People have been trying to figure out ways to replace teeth for thousands of years, according to archaeologists. They have found jawbones with pieces of jade and shell that have been hammered in to replace teeth. And in some cases, these materials have fused with the bone. These days, titanium has replaced stone and shell in the form of dental implants in Leeds, and the term for that fusion is called osseointegration.
This is the key to the success of dental implants in Leeds. Titanium encourages the growth of tissue around it, both bone cells and blood vessels. This anchors the implants in place, once they have been by inserted by dentists such as those at Enhance Dental.
What to expect
Osseointegration takes a while to happen, usually several weeks. During the time, the patient can carry on as normal after the first few days following implant surgery. Immediately after surgery, patients are advised to stay in bed for a day and take over-the-counter painkillers. But the pain passes and the swelling goes down relatively quickly. Healing can take longer if the patient has been a heavy smoker, or has uncontrolled type 2 diabetes. In fact, dentists often won’t treat current smokers or those with type 2 diabetes because they so radically reduce the chances of successful osseointegration. This is essential. Chewing exerts forces of up to 200lbs or 97kg, so it is very important that the dental implants can withstand this.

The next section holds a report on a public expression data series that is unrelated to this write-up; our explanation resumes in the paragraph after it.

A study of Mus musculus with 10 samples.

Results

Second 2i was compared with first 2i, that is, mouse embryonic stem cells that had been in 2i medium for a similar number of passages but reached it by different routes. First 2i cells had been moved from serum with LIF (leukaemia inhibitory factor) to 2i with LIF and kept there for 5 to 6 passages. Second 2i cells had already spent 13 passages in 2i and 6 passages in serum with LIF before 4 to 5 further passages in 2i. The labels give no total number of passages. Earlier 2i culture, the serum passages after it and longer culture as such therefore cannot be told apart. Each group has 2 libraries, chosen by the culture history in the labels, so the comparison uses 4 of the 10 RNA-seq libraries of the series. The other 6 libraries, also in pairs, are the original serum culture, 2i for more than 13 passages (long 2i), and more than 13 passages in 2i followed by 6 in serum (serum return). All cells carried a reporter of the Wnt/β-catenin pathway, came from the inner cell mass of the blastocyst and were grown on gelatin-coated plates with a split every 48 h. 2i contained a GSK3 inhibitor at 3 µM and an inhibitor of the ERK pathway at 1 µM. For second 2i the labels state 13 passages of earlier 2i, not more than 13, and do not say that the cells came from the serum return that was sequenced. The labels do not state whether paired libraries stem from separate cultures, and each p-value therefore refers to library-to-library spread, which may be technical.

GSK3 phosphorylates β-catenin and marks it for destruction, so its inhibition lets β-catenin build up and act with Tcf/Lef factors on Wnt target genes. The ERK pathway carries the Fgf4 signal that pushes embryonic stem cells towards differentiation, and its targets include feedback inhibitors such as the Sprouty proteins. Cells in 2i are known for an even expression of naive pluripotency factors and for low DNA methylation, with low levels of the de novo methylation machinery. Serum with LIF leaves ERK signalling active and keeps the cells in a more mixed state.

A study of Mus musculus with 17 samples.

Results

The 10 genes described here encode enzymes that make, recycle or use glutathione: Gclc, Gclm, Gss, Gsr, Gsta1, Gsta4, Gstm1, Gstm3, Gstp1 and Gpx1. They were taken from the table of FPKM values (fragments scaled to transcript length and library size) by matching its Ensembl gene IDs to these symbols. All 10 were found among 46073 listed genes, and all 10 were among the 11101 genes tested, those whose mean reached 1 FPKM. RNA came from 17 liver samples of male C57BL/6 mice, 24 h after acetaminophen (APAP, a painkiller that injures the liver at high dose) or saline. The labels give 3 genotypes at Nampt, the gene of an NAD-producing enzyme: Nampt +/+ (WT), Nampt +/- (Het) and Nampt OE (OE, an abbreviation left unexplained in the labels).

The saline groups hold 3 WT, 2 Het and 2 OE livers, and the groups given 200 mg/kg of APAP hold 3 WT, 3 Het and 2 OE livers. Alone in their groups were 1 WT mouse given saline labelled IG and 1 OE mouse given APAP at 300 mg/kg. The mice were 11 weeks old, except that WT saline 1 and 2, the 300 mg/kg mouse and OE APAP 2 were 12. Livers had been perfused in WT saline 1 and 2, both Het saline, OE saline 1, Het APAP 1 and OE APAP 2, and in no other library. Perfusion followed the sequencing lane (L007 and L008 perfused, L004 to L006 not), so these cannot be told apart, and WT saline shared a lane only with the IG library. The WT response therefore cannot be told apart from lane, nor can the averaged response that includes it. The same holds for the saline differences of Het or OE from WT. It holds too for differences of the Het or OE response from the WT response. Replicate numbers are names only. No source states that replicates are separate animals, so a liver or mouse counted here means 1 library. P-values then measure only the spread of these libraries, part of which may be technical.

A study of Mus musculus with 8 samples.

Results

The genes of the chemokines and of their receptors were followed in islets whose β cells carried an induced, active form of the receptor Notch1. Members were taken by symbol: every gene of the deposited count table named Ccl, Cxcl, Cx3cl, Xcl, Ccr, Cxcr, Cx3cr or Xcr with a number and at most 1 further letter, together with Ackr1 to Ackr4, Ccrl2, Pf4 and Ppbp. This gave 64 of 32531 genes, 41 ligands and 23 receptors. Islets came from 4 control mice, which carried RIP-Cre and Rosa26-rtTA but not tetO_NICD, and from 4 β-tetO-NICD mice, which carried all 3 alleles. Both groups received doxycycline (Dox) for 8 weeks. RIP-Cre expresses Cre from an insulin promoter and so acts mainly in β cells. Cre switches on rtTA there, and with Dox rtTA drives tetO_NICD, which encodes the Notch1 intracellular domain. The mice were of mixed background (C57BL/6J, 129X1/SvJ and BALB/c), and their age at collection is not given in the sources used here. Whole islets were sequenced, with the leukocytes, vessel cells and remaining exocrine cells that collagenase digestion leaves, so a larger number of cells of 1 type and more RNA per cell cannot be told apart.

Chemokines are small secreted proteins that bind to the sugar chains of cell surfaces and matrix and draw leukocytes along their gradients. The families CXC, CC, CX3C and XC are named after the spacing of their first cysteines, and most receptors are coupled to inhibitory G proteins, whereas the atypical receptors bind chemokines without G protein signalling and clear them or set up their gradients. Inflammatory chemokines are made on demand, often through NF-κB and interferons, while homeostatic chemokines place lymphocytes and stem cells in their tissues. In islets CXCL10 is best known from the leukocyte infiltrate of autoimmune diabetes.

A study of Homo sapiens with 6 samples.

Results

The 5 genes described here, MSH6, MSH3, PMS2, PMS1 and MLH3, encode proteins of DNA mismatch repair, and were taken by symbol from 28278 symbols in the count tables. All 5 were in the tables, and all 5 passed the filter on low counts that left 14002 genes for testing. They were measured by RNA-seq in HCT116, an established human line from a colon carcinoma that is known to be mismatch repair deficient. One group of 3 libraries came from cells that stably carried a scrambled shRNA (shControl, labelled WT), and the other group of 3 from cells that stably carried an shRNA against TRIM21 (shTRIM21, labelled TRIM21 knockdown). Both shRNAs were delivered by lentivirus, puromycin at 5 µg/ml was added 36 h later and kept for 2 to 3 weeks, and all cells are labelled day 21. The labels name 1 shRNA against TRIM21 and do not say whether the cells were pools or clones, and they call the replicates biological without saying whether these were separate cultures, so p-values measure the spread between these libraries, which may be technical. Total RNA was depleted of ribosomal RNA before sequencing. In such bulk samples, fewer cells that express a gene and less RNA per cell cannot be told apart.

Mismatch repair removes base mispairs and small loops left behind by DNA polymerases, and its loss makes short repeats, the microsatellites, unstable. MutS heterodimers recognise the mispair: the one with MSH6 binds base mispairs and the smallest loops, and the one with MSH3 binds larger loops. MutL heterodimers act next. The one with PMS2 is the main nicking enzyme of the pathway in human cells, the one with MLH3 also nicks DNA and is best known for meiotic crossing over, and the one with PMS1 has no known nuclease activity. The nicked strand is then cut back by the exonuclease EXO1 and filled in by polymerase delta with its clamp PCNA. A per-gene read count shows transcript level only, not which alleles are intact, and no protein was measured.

Fortunately, in Leeds dental implants have a success rate of over 98%. Once they are securely in place, the patient can return to have their custom-made crowns fitted. These are crafted from colour-matched porcelain that is sized and shaped to blend in with the patient’s remaining teeth. Each implant can support up to 3 teeth.
Dentists have also developed techniques to use dental implants to hold dentures in place. This is called denture stabilisation. Patients can often have their own dentures adapted or can have new ones made. Dentures can be supported on as few as 2 implants for the lower jaw, and between 4 and 6 for the upper jaw.